Did war really make the state?

Daron Acemoglu and James Robinson are doing a series of posts about Balinese politics in the 18th – 20th centuries, and make an counterpoint to Charles Tilly’s famous phrase “war made the state and the state made war” in their latest:

The truth of the matter is that all polities fight wars, and some centralize while others do not.

Looking at centralized ones and observing that they fight wars, therefore warfare creates states does not seem very sensible empirically.

It’s a very interesting point.  Under what conditions does the threat of war lead polities (not just states) to centralize?  Is the bias here that only polities which have survived an initial war are around to centralize later, while losing groups, who faced exactly the same risk of war, get swallowed up by their opponents and never build a centralized administrative structure?  In which case war would be expected to create and destroy in roughly equal measure.  (Granted, I haven’t read Tilly’s original paper in detail, so if these questions are addressed there or in his other work I’d be happy to hear about it.)

Kudos to Acemoglu & Robinson as well for the use of the word “polities” instead of “states” in the first sentence quoted here. It’s a small thing, but a good step towards moving away from ideas of power and governance as the exclusive province of the state.

2 thoughts on “Did war really make the state?

  1. I haven’t the Nordholt book, but I think the A&R post misrepresents Tilly’s argument. Particularly in his later book (Coercion, Capital and European States), Tilly expressly seeks to solve the mystery of how a homogenized system of nation-states emerged from the heterogeneous group of polities that occupied Europe. So first, it bears mention that Tilly’s theory embraces the notion that there exist a wide variety of non-state forms of government.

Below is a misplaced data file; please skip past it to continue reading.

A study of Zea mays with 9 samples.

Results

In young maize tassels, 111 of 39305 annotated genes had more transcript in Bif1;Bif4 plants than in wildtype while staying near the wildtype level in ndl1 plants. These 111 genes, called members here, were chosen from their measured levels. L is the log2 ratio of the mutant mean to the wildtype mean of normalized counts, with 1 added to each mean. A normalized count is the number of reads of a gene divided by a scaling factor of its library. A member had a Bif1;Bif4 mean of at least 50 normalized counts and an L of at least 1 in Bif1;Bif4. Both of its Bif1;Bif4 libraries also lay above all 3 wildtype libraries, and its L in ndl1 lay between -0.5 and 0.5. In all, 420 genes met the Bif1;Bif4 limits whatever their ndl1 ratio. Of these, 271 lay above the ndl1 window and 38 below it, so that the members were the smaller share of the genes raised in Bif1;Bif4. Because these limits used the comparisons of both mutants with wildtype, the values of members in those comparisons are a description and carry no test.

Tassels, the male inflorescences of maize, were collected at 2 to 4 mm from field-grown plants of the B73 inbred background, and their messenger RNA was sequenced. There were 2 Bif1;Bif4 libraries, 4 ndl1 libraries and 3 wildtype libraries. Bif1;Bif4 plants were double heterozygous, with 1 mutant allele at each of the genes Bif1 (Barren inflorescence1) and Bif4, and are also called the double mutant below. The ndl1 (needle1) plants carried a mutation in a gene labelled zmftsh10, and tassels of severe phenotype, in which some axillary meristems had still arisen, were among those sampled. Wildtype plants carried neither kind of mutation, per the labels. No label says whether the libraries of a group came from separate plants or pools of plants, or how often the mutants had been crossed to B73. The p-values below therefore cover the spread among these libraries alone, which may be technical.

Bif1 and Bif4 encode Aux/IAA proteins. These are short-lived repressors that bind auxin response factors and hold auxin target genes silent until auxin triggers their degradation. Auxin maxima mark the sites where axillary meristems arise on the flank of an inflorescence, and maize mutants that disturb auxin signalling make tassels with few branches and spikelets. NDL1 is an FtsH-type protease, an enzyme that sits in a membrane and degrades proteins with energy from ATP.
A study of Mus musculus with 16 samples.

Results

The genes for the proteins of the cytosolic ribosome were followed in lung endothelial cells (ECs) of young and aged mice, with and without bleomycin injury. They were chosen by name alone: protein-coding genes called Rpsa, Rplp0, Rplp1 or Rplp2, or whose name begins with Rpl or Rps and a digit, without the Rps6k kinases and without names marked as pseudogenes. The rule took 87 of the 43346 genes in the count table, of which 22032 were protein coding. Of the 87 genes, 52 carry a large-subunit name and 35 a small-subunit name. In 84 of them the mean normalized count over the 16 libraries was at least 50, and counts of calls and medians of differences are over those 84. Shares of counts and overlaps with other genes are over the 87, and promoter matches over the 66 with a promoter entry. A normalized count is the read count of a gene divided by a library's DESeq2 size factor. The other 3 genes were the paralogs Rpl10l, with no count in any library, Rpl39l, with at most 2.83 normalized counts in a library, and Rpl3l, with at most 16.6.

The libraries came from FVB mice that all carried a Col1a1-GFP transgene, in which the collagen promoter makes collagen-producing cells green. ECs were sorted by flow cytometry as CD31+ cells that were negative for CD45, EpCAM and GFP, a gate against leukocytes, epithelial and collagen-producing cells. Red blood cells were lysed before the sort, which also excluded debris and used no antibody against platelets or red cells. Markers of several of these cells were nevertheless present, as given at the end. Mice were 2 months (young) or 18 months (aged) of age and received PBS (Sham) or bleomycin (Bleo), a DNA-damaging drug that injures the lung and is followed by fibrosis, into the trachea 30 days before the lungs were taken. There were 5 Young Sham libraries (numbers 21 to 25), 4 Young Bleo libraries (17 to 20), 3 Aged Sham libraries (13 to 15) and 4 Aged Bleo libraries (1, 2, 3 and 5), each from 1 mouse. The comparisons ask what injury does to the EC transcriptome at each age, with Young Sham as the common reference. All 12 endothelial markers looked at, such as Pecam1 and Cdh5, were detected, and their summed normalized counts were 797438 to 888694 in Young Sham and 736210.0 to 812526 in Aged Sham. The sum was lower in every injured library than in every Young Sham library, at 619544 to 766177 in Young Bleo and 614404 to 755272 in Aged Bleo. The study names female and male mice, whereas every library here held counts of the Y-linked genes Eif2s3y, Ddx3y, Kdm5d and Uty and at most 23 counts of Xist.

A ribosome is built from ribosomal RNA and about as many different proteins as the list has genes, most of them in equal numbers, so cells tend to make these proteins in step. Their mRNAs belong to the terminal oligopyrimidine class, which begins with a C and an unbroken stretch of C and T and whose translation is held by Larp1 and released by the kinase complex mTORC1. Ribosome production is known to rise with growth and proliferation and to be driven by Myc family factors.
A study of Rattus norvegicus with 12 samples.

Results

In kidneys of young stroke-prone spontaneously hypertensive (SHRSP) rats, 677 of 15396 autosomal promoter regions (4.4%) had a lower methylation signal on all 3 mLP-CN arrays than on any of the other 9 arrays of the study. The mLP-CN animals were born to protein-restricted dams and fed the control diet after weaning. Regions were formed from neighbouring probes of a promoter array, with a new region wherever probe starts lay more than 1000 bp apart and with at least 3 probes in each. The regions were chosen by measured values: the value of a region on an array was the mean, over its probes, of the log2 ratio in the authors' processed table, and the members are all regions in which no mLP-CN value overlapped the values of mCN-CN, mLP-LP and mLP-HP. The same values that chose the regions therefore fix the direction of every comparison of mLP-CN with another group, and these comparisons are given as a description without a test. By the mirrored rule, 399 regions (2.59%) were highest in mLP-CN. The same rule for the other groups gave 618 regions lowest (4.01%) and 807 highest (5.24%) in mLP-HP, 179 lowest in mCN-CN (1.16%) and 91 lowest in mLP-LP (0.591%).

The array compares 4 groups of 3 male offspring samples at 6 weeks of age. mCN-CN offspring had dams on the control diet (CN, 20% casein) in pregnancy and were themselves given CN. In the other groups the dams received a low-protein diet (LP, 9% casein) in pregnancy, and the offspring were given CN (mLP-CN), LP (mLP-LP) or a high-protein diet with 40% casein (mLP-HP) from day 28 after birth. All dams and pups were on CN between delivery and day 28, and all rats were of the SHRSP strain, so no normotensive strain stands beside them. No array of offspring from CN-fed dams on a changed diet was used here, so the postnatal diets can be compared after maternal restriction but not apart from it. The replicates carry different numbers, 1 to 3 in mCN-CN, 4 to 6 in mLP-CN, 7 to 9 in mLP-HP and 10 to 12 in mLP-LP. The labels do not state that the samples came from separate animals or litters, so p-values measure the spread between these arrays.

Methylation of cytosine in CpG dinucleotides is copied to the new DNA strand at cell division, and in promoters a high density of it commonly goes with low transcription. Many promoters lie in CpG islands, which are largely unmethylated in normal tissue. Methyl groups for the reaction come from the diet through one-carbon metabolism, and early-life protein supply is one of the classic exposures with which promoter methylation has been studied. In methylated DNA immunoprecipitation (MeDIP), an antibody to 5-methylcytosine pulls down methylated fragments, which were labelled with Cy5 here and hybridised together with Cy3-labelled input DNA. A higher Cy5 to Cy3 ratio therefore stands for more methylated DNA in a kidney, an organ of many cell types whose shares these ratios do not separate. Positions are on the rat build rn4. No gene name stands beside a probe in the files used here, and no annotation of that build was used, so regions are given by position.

Tilly *does* argue that centralized, bureaucratic, and ultimately democratic polities are better at prosecuting wars than other forms of government, including the expansive style of tribute-empire that characterizes Nordholt’s Bali. I don’t know enough about Balinese war to be sure what Tilly would say about the failure of Balinese polities to centralize, but his theory does argue that centralization became key *only as technology improved enough to make war materiel expensive and specialized*. That is, European political development was driven not only by war, but changes in the political economy of war-making. If Balinese societies never reached this point, individual polities would not have experienced great gains from centralization and the selective pressure mechanism would privilege a different governmental organization.

    In any event, the later domination of the Balinese by the much more centralized Dutch would suggest that the Dutch war engine was more efficient and selected out the weaker form of political organization. There are alternative explanations for Dutch success (although some of them are endogenous to Tilly’s explanation), but I think it’s telling that A&R chose *not* to characterize the Dutch colonialism as Tilly’s mechanism at work.


    1. Thanks for this, John! These are great points, especially the one that centralization only makes sense if the costs of war are high enough.